Fujifilm and other manufacturers have spoiled us with camera updates (firmware); however, their updating strategies have set unrealistic expectations.

Firmware updates for the end user are great. I mean, who doesn’t like having new features added to their camera long after a purchase was made? Fujifilm’s Kaizen camera updates changed the X-T1 (and a few other models) from mediocre cameras into powerhouses.

Firmware updates were part of the reason why so many photographers started switching to Fujifilm’s X mount system. Many other camera companies began to follow suit with firmware updates. They, too, found that end users loved the enhancements. Pretty soon, what was once seen as a bonus (an update with new features), became expected. This new standard for after-purchase care with firmware updates set new expectations. So, now, a perceived shift in strategy away from feature-adding camera updates is not sitting well with fans of Fujifilm or other manufacturers.

Camera updates are a bonus

camera updates

Soon after the revelation of Fujifilm’s Kaizen firmware push, entitled consumers quickly expected new features to be added to all of their cameras. Creators wanted their cameras to feel fresh and new after months and years of use. However, we’re now heading into a period where firmware updates with new features are not so frequent, and creators are noticing.

Look around the web; you’ll see articles and videos from people demanding that their cameras be updated with new features. The thing is, manufacturers are not obligated to send out firmware to add new features to the camera you purchased. However, manufacturers are obligated to fix glaring performance issues. Still, adding new features is not a requirement.

I think Fujifilm and Co. realized that they were hurting their business by updating their cameras so frequently. After all, why would a consumer buy a new camera if their old one receives new features regularly? This isn’t a sustainable business model. Consumers’ current mindset regarding cameras and firmware updates is wrong because the days of Kaizen and regular feature-adding updates are coming to an end.

Buy a camera for what it is now

The camera market is a tricky place to navigate. There are so many models on the market, and they’re all competing for your hard-earned dollars. How can you make sure to buy a camera that you’ll like long term? If there is one piece of advice I could give anyone looking for a camera, it’s to buy the camera for what it is now and not for what it could be in the future. Firmware updates are not guaranteed.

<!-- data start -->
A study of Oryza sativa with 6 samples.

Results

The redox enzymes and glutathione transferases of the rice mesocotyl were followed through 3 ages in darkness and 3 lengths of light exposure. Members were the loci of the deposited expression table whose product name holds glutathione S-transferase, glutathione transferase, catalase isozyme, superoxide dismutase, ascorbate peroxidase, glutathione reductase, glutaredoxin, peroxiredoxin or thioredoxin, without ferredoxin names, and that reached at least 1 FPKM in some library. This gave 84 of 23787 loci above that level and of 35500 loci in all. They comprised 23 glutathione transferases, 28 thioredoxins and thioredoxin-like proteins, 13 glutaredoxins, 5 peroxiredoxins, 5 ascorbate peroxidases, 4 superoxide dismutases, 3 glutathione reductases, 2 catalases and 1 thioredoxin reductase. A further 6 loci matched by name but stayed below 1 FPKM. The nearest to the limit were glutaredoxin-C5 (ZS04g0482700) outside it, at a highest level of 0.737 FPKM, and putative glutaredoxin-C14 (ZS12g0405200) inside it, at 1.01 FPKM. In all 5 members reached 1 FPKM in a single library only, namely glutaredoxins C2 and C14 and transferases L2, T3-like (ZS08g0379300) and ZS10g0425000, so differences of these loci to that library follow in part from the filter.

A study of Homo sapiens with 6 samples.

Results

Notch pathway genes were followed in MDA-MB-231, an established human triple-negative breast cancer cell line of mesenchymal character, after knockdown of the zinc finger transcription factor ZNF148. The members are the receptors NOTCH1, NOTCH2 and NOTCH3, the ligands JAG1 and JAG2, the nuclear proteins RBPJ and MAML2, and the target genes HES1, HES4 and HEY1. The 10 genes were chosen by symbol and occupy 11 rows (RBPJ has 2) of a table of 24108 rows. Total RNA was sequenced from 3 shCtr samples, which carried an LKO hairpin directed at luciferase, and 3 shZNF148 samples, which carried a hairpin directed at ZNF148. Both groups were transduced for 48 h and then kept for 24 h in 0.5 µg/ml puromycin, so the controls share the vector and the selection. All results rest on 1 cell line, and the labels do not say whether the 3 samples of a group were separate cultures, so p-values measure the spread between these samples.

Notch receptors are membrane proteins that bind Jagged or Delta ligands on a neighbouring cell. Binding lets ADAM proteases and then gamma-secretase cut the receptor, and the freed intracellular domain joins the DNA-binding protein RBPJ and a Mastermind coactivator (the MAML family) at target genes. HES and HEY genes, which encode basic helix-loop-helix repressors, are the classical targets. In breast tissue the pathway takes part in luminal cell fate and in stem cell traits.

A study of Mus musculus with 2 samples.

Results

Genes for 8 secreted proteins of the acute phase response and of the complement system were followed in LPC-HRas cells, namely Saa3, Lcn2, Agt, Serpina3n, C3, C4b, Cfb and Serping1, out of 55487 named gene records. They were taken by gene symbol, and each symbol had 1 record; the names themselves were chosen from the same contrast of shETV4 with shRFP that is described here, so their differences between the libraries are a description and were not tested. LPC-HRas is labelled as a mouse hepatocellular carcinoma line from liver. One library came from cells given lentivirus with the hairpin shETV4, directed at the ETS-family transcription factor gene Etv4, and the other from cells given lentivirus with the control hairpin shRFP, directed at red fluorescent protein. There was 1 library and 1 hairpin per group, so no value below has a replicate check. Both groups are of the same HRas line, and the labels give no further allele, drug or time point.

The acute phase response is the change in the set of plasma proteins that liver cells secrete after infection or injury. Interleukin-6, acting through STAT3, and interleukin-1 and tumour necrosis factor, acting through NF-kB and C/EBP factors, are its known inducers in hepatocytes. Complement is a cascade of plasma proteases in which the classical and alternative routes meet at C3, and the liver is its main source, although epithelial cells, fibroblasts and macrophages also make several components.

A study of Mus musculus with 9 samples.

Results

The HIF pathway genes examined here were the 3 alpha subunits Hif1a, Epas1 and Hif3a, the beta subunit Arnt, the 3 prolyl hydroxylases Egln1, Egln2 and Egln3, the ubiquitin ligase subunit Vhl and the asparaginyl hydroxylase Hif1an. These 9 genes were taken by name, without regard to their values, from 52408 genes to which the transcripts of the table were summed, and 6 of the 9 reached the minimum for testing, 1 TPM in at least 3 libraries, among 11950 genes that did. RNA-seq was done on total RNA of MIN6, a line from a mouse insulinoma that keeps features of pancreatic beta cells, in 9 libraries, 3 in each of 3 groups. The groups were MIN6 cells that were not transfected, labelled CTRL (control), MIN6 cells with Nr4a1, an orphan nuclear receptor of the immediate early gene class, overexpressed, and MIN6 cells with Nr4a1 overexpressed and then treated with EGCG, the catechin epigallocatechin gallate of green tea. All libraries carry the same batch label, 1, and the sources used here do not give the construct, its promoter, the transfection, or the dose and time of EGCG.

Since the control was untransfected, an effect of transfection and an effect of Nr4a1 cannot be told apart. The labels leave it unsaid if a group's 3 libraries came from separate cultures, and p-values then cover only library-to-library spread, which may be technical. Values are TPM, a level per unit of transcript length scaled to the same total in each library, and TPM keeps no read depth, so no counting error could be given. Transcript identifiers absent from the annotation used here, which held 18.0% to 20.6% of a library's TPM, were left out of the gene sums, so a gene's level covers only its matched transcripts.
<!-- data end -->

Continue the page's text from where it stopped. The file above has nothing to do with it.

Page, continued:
Ask the owners of the Fujifilm X Pro 3 who purchased the camera and accepted mediocre autofocus performance because they were sure that a firmware update would arrive to fix it. Guess what never came? That’s right, a firmware update to improve performance. If adopters of this camera had researched the camera before their purchase, perhaps even rented it before buying it, they would have known that autofocus performance was not great. Instead, consumers put trust in Kaizen updates and were burned.

camera updates

So, before you buy a camera, understand that the camera before you in the store is the finished product. The current feature set, the autofocus performance, the image profiles, the burst rates, the responsiveness and so on, that’s what you’re agreeing to buy.

Again, companies are under no obligation to update any camera with new features after you purchase it. So choose wisely. Hold the camera, use the camera make sure it fits your needs out of the box. Are you happy with the performance? Will it meet your needs in the state that it’s in now? If not, don’t buy it and pray for updates. You’ll end up disappointed and angry. Your only options are to pick another camera or wait and see if updates come down the line.

If you can’t get to the store to try a camera, or if you cannot rent the camera that interests you, come to trusted sites like ours and read our in-depth reviews so you can make an informed purchasing decision.

If you decide to buy a camera and are content with its performance out of the box, congrats. Enjoy your new camera. Still, I wouldn’t expect updates to improve it in any way, shape or form. If you go into a purchase with the mindset that this camera is great for me now, any camera updates that do come down the line with new features will delight you. Do your research, lower expectations surrounding camera updates, shoot happy and create great images.